President Trump unveiled a plan to combat the opioid crisis in early March. The plan was criticized for its suggested death penalty to high-level drug dealers and return to heavy-handed law enforcement. One overlooked component of the plan was the allocation of funds for research into opioid vaccines. Vaccines could be a game-changer for millions of people already addicted to drugs. Currently, the only vaccine being researched is heroin.
Scientists at the Military HIV Research Program at the Walter Reed Army Institute of Research (WRAIR) have been working on a heroin vaccine that induces antibodies and is meant to stop the drug from crossing the blood-brain barrier in mice and rats, rendering its effects useless. The vaccine is a cooperative effort with the National Institute on Drug Abuse (NIDA), which funded the study.
The vaccine was formulated explicitly for heroin. While many people would hope that the vaccine blocks the effect of other opioids, researchers say that a vaccine like that is dangerous and harmful.
People cannot predict if they will be in a car accident, come down with a terminal or chronically painful disease or condition that requires severe pain relief. For some situations, the pain can send a person into shock.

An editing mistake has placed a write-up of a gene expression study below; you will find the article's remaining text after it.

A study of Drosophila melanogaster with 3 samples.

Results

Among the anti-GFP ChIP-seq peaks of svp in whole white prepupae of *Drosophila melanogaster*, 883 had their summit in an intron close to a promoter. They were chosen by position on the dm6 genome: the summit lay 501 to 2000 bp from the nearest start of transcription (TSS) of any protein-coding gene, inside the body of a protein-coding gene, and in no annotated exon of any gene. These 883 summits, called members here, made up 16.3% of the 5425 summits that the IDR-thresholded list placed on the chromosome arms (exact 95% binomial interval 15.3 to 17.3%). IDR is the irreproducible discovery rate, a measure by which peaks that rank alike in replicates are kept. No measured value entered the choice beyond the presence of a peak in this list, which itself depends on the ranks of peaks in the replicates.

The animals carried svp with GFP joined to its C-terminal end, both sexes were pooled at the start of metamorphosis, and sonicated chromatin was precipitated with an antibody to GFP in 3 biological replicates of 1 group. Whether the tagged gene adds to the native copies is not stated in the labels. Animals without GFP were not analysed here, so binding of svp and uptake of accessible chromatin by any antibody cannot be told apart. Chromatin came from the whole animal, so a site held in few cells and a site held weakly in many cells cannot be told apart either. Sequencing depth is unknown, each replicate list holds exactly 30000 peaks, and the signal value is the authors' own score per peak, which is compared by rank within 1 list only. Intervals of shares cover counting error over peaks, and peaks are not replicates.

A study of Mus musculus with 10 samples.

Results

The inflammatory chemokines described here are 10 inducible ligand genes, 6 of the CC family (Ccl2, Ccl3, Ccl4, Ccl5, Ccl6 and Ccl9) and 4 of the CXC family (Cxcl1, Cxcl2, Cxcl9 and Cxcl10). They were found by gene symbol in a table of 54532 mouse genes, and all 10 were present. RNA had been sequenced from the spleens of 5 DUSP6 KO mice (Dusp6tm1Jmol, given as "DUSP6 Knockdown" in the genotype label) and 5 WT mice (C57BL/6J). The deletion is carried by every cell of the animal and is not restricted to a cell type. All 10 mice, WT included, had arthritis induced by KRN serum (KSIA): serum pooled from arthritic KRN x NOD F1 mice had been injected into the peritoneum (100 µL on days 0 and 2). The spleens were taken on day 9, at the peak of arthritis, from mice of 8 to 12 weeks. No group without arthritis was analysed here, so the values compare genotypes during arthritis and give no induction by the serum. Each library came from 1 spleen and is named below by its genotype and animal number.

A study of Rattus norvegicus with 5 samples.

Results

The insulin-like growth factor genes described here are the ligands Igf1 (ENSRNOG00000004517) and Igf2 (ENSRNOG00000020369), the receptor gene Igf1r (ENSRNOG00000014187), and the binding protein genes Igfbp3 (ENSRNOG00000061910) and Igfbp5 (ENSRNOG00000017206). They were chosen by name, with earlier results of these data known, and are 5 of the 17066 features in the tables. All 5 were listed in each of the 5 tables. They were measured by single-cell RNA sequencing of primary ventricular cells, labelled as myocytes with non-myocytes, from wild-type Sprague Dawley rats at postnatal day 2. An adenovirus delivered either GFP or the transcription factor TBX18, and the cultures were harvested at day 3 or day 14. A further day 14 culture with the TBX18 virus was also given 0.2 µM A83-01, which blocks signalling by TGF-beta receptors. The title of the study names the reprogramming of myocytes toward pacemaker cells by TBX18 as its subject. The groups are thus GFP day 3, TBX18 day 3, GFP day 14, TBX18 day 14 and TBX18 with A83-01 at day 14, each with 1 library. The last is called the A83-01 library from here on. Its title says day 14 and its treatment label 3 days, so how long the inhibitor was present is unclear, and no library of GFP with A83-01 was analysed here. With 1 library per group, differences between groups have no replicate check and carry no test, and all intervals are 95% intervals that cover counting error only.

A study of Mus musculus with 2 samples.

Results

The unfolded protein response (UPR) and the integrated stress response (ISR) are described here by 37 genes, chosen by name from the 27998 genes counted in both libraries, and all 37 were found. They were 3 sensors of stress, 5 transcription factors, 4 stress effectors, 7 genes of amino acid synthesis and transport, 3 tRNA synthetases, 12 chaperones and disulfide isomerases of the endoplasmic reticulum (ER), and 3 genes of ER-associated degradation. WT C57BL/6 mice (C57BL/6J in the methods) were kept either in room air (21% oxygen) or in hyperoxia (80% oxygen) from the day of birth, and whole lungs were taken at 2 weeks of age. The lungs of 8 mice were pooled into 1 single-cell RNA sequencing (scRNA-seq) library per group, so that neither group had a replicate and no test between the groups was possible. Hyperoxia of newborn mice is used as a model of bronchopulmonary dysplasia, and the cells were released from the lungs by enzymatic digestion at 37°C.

The current vaccine that researchers are working on does not block methadone, tramadol, fentanyl, sufentanil, nalbuphine and buprenorphine, which leaves options for acute pain treatment if needed for emergency use. Pain relievers like aspirin, ibuprofen, and acetaminophen would likely remain effective, leaving the possibility of pain relief on an ongoing basis.
Developing a vaccine for other opioids could be a challenge because many prescription medications work in the almost same manner as each other, which would render many types of powerful pain relief useless when the vaccine recipient had surgery or suffered a painful illness or injury. Doctors believe that this would do harm in the future, so the heroin vaccine is the first vaccine the plan to undertake for now.